I’m settling in now with the lithium, and the worst of the side effects are no longer– except for the “fine tremor.”
All “fine” means is that the tremors are not gross, that is, seizure-like jerks and twitches visible to the naked eye. But it’s all relative– ask me to take a picture without image stabilization, or carry a martini glass or three as I did in my waitressing days, and the “fineness” disappears– it’s an obvious tremor, a blur on the image, a slosh of the cocktail, a dropped plate or a favorite mug, broken.
I used to not wash dishes because as the cook and grocery shopper, I felt it wasn’t my job. Now, I’m a hazard– wet dishes and trembling hands, fingers unsure of their grip are death on dishes.
The tremor is all over– in my legs as I descend the stairs, in my arms as I carry groceries up and down the stairs. It gets worse the less I eat, or the more caffeine I drink. (Amazingly, it gets better the more alcohol I drink. But I’m trying to do without the drink, mostly, for reasons that are their own story.) In the mornings when it’s time for more meds, if I don’t leave my feet flat on the floor while I sit at the table, I tremble from hip to toe– my knee waves backs and forth, in time to a jig only the tremor hears.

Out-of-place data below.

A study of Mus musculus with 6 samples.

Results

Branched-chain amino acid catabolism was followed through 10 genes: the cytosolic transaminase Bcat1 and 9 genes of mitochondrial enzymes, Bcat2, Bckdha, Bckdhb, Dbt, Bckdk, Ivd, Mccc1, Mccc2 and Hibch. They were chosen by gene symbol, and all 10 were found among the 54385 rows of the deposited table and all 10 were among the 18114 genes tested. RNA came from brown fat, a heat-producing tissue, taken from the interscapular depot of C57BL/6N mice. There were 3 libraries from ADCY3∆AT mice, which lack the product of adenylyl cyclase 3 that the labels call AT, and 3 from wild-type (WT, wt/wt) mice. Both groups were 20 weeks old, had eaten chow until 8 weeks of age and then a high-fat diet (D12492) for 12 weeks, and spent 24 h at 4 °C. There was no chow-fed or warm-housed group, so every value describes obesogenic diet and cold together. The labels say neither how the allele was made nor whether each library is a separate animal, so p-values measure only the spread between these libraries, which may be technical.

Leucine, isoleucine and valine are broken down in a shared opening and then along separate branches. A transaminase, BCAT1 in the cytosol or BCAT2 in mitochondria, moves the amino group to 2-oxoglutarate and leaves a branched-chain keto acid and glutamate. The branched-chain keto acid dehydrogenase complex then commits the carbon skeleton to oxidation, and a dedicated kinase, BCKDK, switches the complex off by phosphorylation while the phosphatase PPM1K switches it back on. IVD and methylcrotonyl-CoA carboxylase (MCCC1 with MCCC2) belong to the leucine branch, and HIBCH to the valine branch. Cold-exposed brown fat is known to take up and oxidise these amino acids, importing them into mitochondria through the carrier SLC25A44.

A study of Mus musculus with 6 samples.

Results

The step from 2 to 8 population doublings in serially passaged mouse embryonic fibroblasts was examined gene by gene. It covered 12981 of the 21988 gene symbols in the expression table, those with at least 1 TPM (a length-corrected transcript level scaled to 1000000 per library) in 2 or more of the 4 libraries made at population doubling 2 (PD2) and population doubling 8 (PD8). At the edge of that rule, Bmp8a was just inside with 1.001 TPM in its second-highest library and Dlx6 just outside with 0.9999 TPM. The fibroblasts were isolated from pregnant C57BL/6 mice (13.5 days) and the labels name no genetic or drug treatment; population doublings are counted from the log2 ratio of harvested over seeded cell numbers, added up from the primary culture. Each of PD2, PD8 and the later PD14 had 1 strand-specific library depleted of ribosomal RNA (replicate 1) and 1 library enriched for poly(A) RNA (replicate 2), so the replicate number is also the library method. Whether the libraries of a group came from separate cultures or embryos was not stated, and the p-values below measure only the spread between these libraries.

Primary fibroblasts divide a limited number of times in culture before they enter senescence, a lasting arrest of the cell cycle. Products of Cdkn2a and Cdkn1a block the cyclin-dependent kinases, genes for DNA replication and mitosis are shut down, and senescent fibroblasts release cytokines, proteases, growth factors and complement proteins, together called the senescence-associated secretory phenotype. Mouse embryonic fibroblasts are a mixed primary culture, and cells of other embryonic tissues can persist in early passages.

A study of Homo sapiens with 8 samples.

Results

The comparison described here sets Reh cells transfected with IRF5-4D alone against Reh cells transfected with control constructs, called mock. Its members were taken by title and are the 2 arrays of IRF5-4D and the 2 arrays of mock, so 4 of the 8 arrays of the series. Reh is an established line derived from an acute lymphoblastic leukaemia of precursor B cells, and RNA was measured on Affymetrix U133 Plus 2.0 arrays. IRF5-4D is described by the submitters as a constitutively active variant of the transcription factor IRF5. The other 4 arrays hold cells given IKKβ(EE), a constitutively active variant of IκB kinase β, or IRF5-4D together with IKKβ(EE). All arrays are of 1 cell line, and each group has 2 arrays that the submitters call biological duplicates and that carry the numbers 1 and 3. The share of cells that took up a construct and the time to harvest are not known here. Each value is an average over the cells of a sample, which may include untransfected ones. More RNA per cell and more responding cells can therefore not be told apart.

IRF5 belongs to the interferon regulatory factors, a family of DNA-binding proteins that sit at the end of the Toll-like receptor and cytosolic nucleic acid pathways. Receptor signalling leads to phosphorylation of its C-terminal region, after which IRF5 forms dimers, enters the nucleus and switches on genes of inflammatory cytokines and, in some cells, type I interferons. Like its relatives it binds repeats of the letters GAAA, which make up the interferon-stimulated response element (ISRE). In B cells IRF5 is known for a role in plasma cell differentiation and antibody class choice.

As anyone might, I did not welcome this fine tremor. We already have a family palsy of hand and voice, which gets worse with age. It’s a telltale quaver, becoming visible and audible, betraying anger or shame, nervousness, fear, guilt or anxiety. Why would I welcome more, representing the eradication of my poker face, the erosion of any solid ground to stand on, defend from, attack from?
Instead, I’m learning to live with my tremor, to think that it’s fine.
I’m a terrible liar– if my voice betrays me, I must simply tell the truth.
If my knees wobble, then I must try for better balance, slow down from the full speed ahead of the past, and hold the railing more firmly. It doesn’t stop me from going where I want, but it stops me from falling on my face and hurting along the way.
If my hands tremble and my arms wobble, then I must learn to do only what I can handle, even if it means taking more loads over a longer time– or asking for help.
And if I shake like a birch leaf at the end of a branch, then I must learn to stop ignoring my body, a fragile bough that can only support its leaves if the leaves soak up the sun and the roots soak up the rain. Without the sun and the rain, the bough will break, not bend.
It’s fine that I tremble, because trembling is different from falling, is different from breaking.